Three marketing techniques having a 2020 revival

Rachael Kotadia | Head of Marketing
revival written in old wooden blocks
Many marketers have come to terms with the disruption of their best laid plans for a glorious summer of 2020 Olympics activity. Businesses have reallocated budgets and reevaluated their marketing strategies in order to navigate this unfamiliar territory.

Indeed, 69% of brands say they expect to decrease their ad spend in 2020, and 89% of large multinational companies have deferred marketing campaigns in May.

Even in the midst of uncertainty, businesses have been experimenting with different solutions to new challenges; like the boom in online shopping and rapidly changing consumer habits. In April, Universal Studios took the bold step of releasing its Trolls: World Tour sequel on streaming platforms after worldwide cinema closures.

This pivot from the film’s original cinematic release earned the studio nearly $100 million dollars in digital sales in the first three weeks - reportedly more revenue than the original Trolls’ entire domestic theatrical takings.

But some brands are taking a different approach by revisiting marketing techniques that they have always helped them produce strong business results. These are the solid cornerstones of marketing that can be implemented, adapted and scaled to attract and retain customers, even in uncertain times.

We take a look at three tried and tested marketing techniques that are experiencing  a revival in 2020.
 


One of the only marketing techniques that is even more effective today than it was at the start of the pandemic. This became apparent when the unexpected panic buying spree forced brands to look at alternative ways to meet consumer demand directly.

Heinz for instance, took the direct to consumer approach and made some of its most popular products like spaghetti hoops and baked beans available on ‘Heinz to Home’, its first ever UK online shop.

This approach appealed to both loyal Heinz customers who had struggled to find products in stores and those who weren’t able to visit stores. The brand turned the change in consumer behaviour - limited movement - into an opportunity to enter the eCommerce market for the first time.

With uncertainties around whether retail will ever go back to ‘normal’, clever brands can emulate Heinz's direct to consumer strategy for their own success. The main advantage of using direct to consumer at this time is that the full customer experience (products, service and brand messaging) is sent directly to responsive consumers – from the brand.

And as we transition out of lockdown, brands will be able to use this initial period of uncertainty to ‘test and learn’ and build credible online brand awareness, with a view to building a wider-ranging direct to consumer offering in the long term.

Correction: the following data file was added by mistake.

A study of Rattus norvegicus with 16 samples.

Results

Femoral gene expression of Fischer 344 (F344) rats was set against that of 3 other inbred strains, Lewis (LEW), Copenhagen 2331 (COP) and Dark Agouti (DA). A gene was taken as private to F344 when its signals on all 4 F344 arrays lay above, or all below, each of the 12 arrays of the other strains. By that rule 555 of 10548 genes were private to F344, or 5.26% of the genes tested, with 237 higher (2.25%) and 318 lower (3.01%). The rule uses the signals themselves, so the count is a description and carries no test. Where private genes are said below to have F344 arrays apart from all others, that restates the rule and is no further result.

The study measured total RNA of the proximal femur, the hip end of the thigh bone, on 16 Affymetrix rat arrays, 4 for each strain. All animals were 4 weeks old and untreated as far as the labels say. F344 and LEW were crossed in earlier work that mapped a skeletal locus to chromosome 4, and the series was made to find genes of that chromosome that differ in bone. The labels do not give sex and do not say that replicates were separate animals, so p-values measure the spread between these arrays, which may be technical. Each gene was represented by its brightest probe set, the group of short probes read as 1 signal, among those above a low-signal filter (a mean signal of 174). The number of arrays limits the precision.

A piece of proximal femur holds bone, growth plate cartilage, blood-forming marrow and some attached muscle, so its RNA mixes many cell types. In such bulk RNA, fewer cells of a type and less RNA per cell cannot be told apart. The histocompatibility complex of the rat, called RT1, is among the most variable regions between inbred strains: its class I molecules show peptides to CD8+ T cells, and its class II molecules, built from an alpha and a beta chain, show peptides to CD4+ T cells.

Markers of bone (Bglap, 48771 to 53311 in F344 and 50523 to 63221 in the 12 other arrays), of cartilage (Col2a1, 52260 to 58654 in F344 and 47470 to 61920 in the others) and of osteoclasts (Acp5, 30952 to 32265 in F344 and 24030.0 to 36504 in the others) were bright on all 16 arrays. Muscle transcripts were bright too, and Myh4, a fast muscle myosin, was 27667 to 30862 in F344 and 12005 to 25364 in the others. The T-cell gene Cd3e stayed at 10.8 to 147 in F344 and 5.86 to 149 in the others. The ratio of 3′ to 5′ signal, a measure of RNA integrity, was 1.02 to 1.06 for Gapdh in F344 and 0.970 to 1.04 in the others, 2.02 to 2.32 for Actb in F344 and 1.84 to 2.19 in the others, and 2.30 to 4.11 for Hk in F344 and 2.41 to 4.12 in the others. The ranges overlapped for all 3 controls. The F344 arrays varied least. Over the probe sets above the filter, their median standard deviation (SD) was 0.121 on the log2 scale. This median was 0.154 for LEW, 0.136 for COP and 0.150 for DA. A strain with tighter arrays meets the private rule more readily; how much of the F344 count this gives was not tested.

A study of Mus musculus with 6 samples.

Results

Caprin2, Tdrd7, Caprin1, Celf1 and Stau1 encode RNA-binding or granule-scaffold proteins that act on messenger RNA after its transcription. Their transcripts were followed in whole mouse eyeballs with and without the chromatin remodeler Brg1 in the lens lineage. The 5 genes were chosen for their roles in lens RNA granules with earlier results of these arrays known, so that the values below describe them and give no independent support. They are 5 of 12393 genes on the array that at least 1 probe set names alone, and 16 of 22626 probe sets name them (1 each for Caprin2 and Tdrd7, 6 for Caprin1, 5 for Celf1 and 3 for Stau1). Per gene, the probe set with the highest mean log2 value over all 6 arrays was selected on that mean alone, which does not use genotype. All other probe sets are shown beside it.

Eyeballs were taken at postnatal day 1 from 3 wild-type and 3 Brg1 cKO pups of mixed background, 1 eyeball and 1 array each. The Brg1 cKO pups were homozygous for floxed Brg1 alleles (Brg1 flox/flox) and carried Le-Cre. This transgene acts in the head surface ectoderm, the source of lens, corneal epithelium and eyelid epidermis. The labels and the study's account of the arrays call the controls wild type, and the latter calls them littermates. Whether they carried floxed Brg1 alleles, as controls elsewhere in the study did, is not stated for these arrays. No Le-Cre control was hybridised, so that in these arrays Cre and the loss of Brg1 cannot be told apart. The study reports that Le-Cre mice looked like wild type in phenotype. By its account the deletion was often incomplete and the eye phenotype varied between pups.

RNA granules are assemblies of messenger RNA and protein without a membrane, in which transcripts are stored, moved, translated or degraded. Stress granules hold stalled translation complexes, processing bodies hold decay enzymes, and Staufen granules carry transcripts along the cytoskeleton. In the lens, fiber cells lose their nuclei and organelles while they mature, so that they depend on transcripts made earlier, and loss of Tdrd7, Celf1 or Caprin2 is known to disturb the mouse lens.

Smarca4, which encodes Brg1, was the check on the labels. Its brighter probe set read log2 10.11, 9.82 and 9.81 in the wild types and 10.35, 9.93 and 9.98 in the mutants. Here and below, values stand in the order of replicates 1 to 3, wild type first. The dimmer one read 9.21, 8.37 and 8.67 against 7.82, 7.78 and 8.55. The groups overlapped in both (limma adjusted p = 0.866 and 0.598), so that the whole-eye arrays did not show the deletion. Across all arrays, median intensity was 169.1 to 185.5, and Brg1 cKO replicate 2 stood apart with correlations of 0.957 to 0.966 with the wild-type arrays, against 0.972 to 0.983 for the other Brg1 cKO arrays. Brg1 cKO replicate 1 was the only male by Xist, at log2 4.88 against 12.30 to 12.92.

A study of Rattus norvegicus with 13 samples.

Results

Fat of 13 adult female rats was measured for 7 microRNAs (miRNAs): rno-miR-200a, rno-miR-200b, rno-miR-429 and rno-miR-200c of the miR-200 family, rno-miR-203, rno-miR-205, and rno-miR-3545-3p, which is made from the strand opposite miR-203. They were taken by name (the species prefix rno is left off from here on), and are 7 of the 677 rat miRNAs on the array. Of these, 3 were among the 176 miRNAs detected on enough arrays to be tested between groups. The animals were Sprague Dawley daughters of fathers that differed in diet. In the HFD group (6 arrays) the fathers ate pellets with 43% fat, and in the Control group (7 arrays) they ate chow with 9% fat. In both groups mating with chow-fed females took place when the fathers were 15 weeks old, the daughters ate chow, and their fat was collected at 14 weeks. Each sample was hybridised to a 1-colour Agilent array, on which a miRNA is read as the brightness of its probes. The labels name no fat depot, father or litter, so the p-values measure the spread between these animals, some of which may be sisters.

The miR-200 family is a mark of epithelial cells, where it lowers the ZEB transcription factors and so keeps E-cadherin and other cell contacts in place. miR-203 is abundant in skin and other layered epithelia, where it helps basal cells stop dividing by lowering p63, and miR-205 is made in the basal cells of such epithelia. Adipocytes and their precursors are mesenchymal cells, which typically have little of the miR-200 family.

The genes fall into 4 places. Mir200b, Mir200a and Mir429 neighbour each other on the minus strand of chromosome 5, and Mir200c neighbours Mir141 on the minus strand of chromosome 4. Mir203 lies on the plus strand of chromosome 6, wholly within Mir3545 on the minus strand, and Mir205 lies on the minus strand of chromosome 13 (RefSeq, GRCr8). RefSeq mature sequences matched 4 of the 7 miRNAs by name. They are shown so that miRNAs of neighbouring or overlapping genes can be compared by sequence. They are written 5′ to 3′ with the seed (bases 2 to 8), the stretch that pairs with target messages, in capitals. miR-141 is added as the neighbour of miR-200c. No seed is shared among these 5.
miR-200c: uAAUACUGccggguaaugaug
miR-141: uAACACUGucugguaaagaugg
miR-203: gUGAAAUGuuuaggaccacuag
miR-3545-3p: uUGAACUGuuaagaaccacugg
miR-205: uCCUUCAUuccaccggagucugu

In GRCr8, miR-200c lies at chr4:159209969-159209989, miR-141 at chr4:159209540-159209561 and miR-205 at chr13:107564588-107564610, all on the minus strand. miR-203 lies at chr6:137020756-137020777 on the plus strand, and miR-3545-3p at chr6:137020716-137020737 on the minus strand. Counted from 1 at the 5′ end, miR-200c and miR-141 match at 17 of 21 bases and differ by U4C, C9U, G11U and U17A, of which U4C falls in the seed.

Content marketing is thriving in 2020 as more brands up the ante on providing added value for customers during lockdown. Dixons Carphone for example, realised that their audience was looking for content to help them to better understand their tech purchases.

So their content marketing switched to an ‘inform and educate’ model by sharing pieces like how to improve WiFi in the garden. The content changes were designed to suit their customer’s new behaviours (working from home for example) and not just sell products to them.

Thanks to the popularity of social media platforms, video content has become a great way to engage with audiences. The lockdown success of Joe Wicks ‘The Body Coach’ free daily workout YouTube videos shows that they can be an effective way to boost brand visibility.

And the short-form format of platforms like TikTok has proved to be a great way to engage with younger audiences that may be more receptive to the instant gratification of bite size videos.

Whether the format is video, podcast or blog post, content marketing should always contain meaningful, valuable material that will resonate with your audience. It is crucial that the content is relevant to your business and makes the audience feel connected to the brand.

The high quality of content being produced shows that content is once again “king” and there might be no going back to mediocre content marketing.


With more Zoom calls, online quizzes and digital socialising than ever, it wouldn’t be too much of a stretch to assume that consumers have become used to a more ‘fun’ element to their lives. And it appears to include their marketing communications.

If recent campaigns are anything to go by, it seems this is the path that all the big brands players are taking. Even formal marketing stalwarts like the traditional banks are launching less formal advertising campaigns– a prime example is Barclays’ recent foray into selfie videos.
 
And it appears that the lack of ‘polish’ on  the UGC ads on TikTok isn't phasing anyone. In other sectors,  it’s gamification galore with Vodafone and Virgin Media urging their customers to stay connected during the crisis.

All this points towards an emerging trend of audiences becoming more receptive to less sleek, more playful content across sectors.

The human element of Gamification is likely to appeal to audiences for the rest of the year; a sign that it’s still important for marketers to promote the human element of their businesses during this crisis and beyond.